Is Bankruptcy Right for You?

by Matthew Perry
(last updated February 21, 2009)

Applying for bankruptcy will cost you lots of money, both in application fees and lawyer fees; it will take a decade to recreate a good credit score, and you may lose property or belongings to satisfy part of your debt. Generally, you don't want to declare bankruptcy unless you have no hope of paying off your debts in the next five years or so, but if your particular situation is complicated, you may want to consult a professional to find if bankruptcy is the best option for you. In the meantime, here's an overview of the two main types of bankruptcy, chapter seven (VII) and chapter thirteen (XIII).

Chapter VII: Title seven bankruptcy is sometimes known as liquidation bankruptcy because if you file for it, all of your non-exempt possessions will be sold (liquidated) to pay as much of your debt as possible. Exempt items can include cars, houses, clothing, and jewelry that are below certain value levels (exact numbers vary from state to state), with everything else, including secondary properties and anything exempted item worth more than the limit, up for grabs.

If you're in circumstances which make bankruptcy an appealing option, the chances are that you won't have much that isn't exempt. However, if you have significant non-exempted items, you may be better off with other options, such as debt renegotiation.

Title XIII: Title thirteen applicants have to have a regular income, whether from a job, social security, or other sources. This type of bankruptcy is aimed at people with both extreme debt and unexempt properties they don't want to lose. Some people find it particularly useful because filing for title XIII bankruptcy will stop a mortgage foreclosure in its tracks. The debt to be discharged cannot be over a set limit which changes periodically. The debt limit for fixed items, such as cars and homes, is different from the limit for unfixed debt from credit cards and other sources. The flexible debt limit is considerably lower than the fixed debt limit.

Bankruptcy can work wonders with some kinds of debt—especially credit card debt—other debts don't get touched by it. Student loans, alimony, child support, and most kinds of tax debt will hang after other debts get discharged, as will debt from any loans obtained fraudulently. If you don't have any of the exempted debts, bankruptcy will leave you completely free, unless you come in to money through inheritance, divorce settlement, or other unforeseen means. One of the best features of bankruptcy is the automatic stay—from the moment you file for bankruptcy until the moment the process is concluded, creditors are no longer allowed to harass you.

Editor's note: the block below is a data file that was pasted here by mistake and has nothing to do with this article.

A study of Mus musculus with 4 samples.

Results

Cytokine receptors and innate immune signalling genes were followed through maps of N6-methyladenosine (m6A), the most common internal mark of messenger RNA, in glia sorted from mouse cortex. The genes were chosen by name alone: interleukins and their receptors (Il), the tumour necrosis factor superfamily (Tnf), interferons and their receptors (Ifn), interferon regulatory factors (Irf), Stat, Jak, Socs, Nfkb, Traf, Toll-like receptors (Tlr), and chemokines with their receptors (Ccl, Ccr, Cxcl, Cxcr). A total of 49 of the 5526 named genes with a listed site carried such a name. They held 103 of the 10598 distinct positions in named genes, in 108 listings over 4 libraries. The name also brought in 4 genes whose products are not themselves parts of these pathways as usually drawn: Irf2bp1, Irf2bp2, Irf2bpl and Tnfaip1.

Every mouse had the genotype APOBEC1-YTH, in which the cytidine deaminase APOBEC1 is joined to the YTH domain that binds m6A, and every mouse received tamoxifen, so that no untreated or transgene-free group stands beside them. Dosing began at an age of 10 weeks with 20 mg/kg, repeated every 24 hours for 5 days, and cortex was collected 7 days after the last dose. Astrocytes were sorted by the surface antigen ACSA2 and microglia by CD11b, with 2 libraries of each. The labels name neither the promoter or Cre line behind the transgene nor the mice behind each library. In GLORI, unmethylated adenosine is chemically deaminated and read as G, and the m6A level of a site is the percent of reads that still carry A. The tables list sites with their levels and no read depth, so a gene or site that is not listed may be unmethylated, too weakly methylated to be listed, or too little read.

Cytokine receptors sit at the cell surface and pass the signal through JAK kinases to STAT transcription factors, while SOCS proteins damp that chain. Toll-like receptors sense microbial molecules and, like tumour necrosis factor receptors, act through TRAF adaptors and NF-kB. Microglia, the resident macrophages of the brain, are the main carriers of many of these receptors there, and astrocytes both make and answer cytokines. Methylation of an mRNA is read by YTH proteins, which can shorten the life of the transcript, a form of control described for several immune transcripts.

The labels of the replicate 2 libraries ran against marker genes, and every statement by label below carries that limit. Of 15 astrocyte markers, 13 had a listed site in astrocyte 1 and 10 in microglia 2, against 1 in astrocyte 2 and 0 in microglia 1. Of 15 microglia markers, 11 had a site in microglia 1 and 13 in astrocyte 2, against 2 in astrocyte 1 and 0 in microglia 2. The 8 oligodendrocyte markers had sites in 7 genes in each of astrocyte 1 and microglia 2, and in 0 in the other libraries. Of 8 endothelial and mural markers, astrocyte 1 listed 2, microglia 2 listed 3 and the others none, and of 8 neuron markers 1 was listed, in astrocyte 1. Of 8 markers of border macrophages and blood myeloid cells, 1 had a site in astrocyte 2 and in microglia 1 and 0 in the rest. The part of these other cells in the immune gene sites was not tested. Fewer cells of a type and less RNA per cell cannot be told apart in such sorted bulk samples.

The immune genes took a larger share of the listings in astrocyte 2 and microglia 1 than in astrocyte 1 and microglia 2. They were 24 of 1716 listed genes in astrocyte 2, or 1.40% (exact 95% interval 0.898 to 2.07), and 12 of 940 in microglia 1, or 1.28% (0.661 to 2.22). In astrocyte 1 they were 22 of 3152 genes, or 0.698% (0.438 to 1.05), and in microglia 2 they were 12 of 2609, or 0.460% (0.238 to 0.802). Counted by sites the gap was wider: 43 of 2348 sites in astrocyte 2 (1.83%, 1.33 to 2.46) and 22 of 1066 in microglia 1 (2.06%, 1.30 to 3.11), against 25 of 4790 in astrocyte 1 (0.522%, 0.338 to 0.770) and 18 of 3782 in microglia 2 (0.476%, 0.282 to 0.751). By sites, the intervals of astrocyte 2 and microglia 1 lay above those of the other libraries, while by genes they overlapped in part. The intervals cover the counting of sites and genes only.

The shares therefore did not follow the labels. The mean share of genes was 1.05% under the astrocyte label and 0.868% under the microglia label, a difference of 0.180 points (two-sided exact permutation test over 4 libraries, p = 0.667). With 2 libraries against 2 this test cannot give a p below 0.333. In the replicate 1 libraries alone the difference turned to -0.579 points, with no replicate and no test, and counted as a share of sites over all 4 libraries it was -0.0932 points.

All in all, declaring bankruptcy is a drastic step and should be done with care and thought. Alternatives such as credit negotiation may be better ways to get out of debt, although

Author Bio

Matthew Perry

MORE FROM MATTHEW

Realistic Budget Categories

Let's see, I think I'll put a little money in the Ferrari fund . . . some for a trip to Maui . . . what am I forgetting? Oh ...

Discover More

Safe Deposit Boxes

These classy devices aren't a new invention; in fact, they've been around so long that a lot of people don't know exactly ...

Discover More

Compound Interest Working for You

When you understand what compound interest is and how you can put it to work for you, you'll be in a better position to earn ...

Discover More
More Money Tips

Life After Bankruptcy

Bankruptcy is a life changing event. Life after bankruptcy requires a paradigm shift on saving and debt.

Discover More

Which Bankruptcy is Right for Me?

When contemplating bankruptcy, deciding on the type of bankruptcy to file can often be as difficult of a decision as whether ...

Discover More

What Types of Bankruptcy Are There?

Bankruptcy is a more complicated issue than many may think and one that should be researched before you dive in. If you know ...

Discover More
Comments

If you would like to add an image to your comment (not an avatar, but an image to help in making the point of your comment), include the characters [{fig}] in your comment text. You’ll be prompted to upload your image when you submit the comment. Maximum image size is 8Mpixels. Images larger than 600px wide or 1000px tall will be reduced. Up to three images may be included in a comment. All images are subject to review. Commenting privileges may be curtailed if inappropriate images are posted.

What is 0 + 7?

There are currently no comments for this tip. (Be the first to leave your comment—just use the simple form above!)